So, what would it take to kick Russia off the United Nations Security Council


Shurqeh t1_ixyjzia wrote

Get rid of all the permanent veto powers.


hieronymusanonymous OP t1_ixyavo4 wrote

The Credentials Committee of the UN has never officially recognized Russia as inheriting the Security Council seat of the USSR. It could be just as easily and fairly awarded to any former republic of the USSR - for example, Ukraine!


NorCalHermitage t1_ixybq8q wrote

And yet Russia has vetoed a UN United Nations Security Council resolution as recently as 2022-07-08.


SlaveZelda t1_ixycq3y wrote

Just read the list Russia/Soviet Union has more votes than the rest combined.


hieronymusanonymous OP t1_ixydd50 wrote

Nobody has taken the time or the trouble to challenge Russia's seat on the Security Council. Russia simply assumed the seat when the USSR dissolved and no one said "No, you can't do that". But Russia's possession of the seat remains unofficial and Russia can be removed at any time its credentials are challenged. Precedent for this is when Taiwan, then representing China for thirty years, was replaced by Beijing. It happened once, it could happen again. It merely takes the fortitude to get the job done.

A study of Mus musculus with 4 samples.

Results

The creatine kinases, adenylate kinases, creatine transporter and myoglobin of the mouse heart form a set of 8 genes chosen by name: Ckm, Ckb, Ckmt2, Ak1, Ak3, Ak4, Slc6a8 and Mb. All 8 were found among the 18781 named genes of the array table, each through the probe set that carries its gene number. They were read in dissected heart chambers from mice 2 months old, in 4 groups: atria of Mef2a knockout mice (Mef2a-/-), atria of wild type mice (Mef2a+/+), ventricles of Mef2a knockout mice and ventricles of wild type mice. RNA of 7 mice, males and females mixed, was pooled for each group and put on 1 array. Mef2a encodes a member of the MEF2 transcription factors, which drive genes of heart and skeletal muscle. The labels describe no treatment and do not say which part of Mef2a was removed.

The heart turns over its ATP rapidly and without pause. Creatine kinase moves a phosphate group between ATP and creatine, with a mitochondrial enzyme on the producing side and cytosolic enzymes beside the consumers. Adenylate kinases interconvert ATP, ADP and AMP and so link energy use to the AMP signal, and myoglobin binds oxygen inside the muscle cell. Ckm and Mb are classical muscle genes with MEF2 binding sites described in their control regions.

porncrank t1_ixyf61s wrote

While that is all true, it would be a break from reality for the UN security council. The council mirrors the real world: countries that can "veto" things in real life, because of their global influence or nuclear weapons, get to veto things in the UN. You can take away Russia's seat, but they will retain all the real world power they have now. It just won't be reflected in UN discussions.


hieronymusanonymous OP t1_ixyfymy wrote

Cancellation of Russia as the heir to the USSR - and hence, its seat on the UN Security Council - would not prevent Russia from separately applying for ordinary UN membership like any other state with global influence or nuclear weapons such as India.

Of course, Russia would have to agree to the goals of the UN Charter in order to acquire a seat in the UN General Assembly. If it really followed those goals, Russia might even get one of those temporary non-veto 2-year seats on the Security Council.

And if Russia doesn't support the goals of the UN Charter, its absence from the UN would merely prevent its continuing obstructionism.


Cri-Cra t1_ixzcecf wrote

One small question - does the new successor of the USSR undertake to pay Russia the money that it spent on paying off the debts of the USSR?